By: Wayne Wescott and Rita La Rosa Loud
Source: South Shore Senior News
Quincy – Although most of us look forward to the holiday season, many ofus find ourselves overindulging in theoverabundance of high-calorie foodsand beverages, which typically results in undesirable weight gain. Although we maybegin the New Year by joining a gym andfollowing a low-calorie diet plan, we tend to burn out by the end of January. What’s wrong with this often repeated procedure? Unless you approach weight loss in the appropriate manner, drastic and counter-productive lifestyle changes will fail, and you will most likely accumulateunnecessary pounds, year after year. If youfind yourself in this situation, you are not alone. More than two-thirds of Americans are overweight or obese, and just can’t seem to take and keep the weight off, particularly with dieting alone. In order to make permanent improvements in your body weight (and more importantly your body composition,) consider the following factual information and recommendations for looking, feeling and functioning better.
As we age, we lose muscle and gain fat, especially if we do not exercise or fuel the body properly. Our body composition is made up of two distinct components, fat weight (adipose tissue) and lean weight (especially muscle tissue). For men,15% fat weight and 85% lean weight is considered healthy, whereas for women 25% fat weight and 75% lean weight is regarded as healthy. Our body composition has a much greater influence on our good health than does our body weight. Imagine two senior women who are the same height, 5 feet 4 inches tall. One weighs 140 pounds (Sarah), and the other weighs 120 pounds (Jean). Sarah engages in resistance exercise at her local gym and eats very healthy. Jean, says she’s too busy and can’t fit exercise into her day. She eats on the run most of the time and is a yo-yo dieter, losing and regaining weight as quickly as she takes it off. Although Sarah is 20 pounds heavier than Jean, she looks, feels, and functions much better because she has a more desirable body composition. At 140 pounds Sarah’s body composition is in the healthy range of 25% and she wears a size 6. At 120 pounds Jean’s body composition is in the unhealthy range of 30%, and she wears a size 10. How can this be? Sarah simply has more muscle and less fat than Jean.
This is important for a variety of reasons. First, our muscles are the engines of our bodies, so more muscle means more physical capacity. Second, muscle is denser than fat, takes up less space than fat, and facilitates a slim, toned appearance. Third, muscle is more metabolically active than fat, and requires energy/calories 24 hours a day for tissue maintenance and remodeling. It is therefore easier for Sarah, who has a desirable body composition, to maintain her health status and enjoy an active lifestyle. Although dieting typically leads to a lower body weight, not all of the weight loss comes from fat. Unfortunately, 30 to 50 percent of the weight lost on popular diets is due to muscle loss. Consequently, dieting should always be combined with exercise that preserves and increases our muscle tissue which is essential for attaining and maintaining good health. Our weight loss studies, conducted in conjunction with some of our nation’s leading physicians and nutrition experts, have demonstrated that senior dieters who also perform sensible resistance exercise can concurrently decrease fat (about one pound per week) and increase muscle (about one-third pound per week). Our research program participants made significant improvements in their body weight, percent body fat, fat weight, lean weight, waist size and resting blood pressure, not to mention their physical appearance and functional capacity.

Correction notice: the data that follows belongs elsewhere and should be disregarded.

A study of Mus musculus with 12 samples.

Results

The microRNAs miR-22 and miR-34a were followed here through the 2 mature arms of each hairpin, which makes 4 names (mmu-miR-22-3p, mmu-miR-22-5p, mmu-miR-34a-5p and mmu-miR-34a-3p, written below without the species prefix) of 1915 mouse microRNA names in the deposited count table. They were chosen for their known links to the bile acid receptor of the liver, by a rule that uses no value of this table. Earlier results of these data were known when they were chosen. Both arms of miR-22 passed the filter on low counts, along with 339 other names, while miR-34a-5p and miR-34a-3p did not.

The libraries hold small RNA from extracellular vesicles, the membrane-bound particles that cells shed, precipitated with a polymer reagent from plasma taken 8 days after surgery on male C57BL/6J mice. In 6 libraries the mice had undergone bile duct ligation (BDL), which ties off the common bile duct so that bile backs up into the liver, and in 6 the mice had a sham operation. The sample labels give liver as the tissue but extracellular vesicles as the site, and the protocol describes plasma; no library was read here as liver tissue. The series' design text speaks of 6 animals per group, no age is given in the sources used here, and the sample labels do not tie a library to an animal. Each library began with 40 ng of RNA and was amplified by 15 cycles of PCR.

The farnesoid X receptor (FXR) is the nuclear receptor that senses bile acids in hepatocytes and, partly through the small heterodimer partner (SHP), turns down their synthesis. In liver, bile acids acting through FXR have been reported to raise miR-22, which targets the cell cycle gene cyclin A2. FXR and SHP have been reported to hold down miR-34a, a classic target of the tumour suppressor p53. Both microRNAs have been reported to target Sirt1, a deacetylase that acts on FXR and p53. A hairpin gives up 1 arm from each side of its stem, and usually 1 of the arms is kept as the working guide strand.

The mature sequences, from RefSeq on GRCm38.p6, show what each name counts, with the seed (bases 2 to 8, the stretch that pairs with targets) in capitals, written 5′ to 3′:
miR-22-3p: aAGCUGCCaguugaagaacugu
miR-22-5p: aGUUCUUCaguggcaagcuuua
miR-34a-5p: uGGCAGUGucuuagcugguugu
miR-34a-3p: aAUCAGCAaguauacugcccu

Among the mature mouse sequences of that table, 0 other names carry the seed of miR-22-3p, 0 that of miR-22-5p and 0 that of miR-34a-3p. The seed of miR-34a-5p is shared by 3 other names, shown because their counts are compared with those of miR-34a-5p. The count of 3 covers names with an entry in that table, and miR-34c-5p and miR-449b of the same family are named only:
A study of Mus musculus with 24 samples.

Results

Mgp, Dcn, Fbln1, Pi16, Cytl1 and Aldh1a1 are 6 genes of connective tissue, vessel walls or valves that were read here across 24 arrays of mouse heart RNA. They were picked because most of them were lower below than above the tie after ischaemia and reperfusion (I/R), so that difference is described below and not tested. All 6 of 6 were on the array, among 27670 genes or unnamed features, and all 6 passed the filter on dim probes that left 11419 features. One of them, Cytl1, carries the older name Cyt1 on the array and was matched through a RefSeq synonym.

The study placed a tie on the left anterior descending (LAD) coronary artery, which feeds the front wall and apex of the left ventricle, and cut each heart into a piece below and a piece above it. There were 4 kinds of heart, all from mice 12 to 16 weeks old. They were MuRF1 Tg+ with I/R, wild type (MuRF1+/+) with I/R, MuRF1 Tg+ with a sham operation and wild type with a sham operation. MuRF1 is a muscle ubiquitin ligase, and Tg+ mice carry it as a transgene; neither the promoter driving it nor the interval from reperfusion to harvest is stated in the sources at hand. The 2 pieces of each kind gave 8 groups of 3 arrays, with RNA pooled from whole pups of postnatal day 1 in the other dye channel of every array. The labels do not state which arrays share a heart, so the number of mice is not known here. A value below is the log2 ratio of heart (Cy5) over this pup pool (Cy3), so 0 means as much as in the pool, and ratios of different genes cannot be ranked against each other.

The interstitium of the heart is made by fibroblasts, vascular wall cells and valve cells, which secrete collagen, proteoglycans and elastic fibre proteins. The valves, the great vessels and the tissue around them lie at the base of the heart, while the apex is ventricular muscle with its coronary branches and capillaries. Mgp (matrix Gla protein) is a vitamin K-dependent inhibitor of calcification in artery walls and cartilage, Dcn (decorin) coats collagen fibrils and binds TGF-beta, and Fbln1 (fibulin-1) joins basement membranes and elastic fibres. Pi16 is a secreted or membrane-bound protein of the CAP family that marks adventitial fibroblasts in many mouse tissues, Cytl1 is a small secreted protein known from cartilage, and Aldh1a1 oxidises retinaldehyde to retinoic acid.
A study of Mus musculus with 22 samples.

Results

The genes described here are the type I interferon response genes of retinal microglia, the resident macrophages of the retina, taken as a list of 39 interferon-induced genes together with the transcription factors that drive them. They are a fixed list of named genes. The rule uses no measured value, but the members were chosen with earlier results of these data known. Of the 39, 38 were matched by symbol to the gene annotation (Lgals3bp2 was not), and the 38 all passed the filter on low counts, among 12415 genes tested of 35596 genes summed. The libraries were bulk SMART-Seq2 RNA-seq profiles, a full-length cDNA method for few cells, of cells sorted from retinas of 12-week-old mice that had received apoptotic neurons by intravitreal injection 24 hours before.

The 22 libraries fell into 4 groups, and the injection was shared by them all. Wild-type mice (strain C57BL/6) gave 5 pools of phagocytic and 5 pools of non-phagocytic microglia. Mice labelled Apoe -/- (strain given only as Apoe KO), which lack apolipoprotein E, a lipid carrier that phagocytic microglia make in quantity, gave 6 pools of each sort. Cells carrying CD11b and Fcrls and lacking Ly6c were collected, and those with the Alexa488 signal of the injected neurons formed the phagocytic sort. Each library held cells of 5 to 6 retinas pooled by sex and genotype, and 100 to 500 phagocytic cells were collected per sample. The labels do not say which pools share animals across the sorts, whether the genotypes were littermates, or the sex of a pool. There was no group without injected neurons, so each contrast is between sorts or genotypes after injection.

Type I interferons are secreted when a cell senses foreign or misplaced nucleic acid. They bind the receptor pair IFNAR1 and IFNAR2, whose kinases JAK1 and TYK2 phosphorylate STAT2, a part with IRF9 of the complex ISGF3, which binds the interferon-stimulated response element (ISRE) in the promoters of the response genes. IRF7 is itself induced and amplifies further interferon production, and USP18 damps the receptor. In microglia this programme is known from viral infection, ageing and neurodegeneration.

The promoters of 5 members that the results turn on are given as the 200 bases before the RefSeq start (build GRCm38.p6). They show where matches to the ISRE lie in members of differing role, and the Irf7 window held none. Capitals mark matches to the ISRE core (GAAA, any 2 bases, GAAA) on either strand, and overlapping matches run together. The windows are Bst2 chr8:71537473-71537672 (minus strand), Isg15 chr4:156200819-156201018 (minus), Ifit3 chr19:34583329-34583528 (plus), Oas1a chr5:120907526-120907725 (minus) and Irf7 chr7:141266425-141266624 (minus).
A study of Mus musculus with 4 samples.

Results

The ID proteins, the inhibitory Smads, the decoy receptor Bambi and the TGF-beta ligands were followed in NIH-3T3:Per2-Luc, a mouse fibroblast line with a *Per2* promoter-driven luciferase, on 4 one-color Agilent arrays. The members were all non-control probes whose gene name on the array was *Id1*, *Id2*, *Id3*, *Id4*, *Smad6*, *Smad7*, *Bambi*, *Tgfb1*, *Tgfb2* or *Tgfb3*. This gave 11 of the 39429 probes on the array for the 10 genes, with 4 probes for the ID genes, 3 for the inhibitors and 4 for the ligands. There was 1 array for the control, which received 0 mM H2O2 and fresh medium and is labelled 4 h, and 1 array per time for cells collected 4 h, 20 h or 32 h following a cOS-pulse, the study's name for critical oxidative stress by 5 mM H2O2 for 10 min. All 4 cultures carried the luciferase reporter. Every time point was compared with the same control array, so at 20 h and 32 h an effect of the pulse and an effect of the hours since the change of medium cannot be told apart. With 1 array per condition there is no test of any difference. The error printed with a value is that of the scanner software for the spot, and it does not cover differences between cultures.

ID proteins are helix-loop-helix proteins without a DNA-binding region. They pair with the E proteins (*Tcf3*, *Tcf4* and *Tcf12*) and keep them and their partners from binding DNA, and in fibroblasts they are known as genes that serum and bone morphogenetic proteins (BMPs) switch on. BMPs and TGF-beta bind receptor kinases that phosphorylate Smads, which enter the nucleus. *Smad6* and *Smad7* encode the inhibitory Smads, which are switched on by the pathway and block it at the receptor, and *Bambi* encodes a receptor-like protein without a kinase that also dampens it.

This winter, we are conducting a comprehensive weight loss study that will combine a well-researched exercise program and a well-designed nutrition program. The highly supervised fitness program, which includes resistance training, aerobic activity and stretching exercise, will be conducted at
our Quincy College Health and Fitness Center. The nationally known nutrition program, which includes protein-enriched meal replacements/ supplements, will be provided at no charge to all of the study participants.
The six-month program (from January 5th through July 1st, 2016) will include periodic assessments of body weight, percent fat, fat weight, lean weight, waist and hip girth, blood pressure, blood sugar and blood cholesterol. For more information about this research
project, please plan to attend our Study Orientation Meeting on Tuesday, December 29th, 5:30 p.m. at Quincy College’s Presidents Place location, 1250 Hancock Street in Quincy. Anyone age 70
years and under is welcome to participate. Be sure to call Wayne or Rita at (617) 984- 1716 to reserve a seat as the conference
room capacity is limited to 120 attendees.
About The Authors: Wayne L. Westcott, Ph.D., is professor of Exercise Science and Director of Fitness Research at Quincy College. He has written 28 books on physical fitness,and given weight loss lectures at numerous national
meetings, including four international conferences on obesity at Harvard Medical School. Rita La Rosa Loud, B.S., is director of the Quincy College Health and Fitness Center. She has co-authored many papers and publications with Dr. Westcott, including the book No More Cellulite.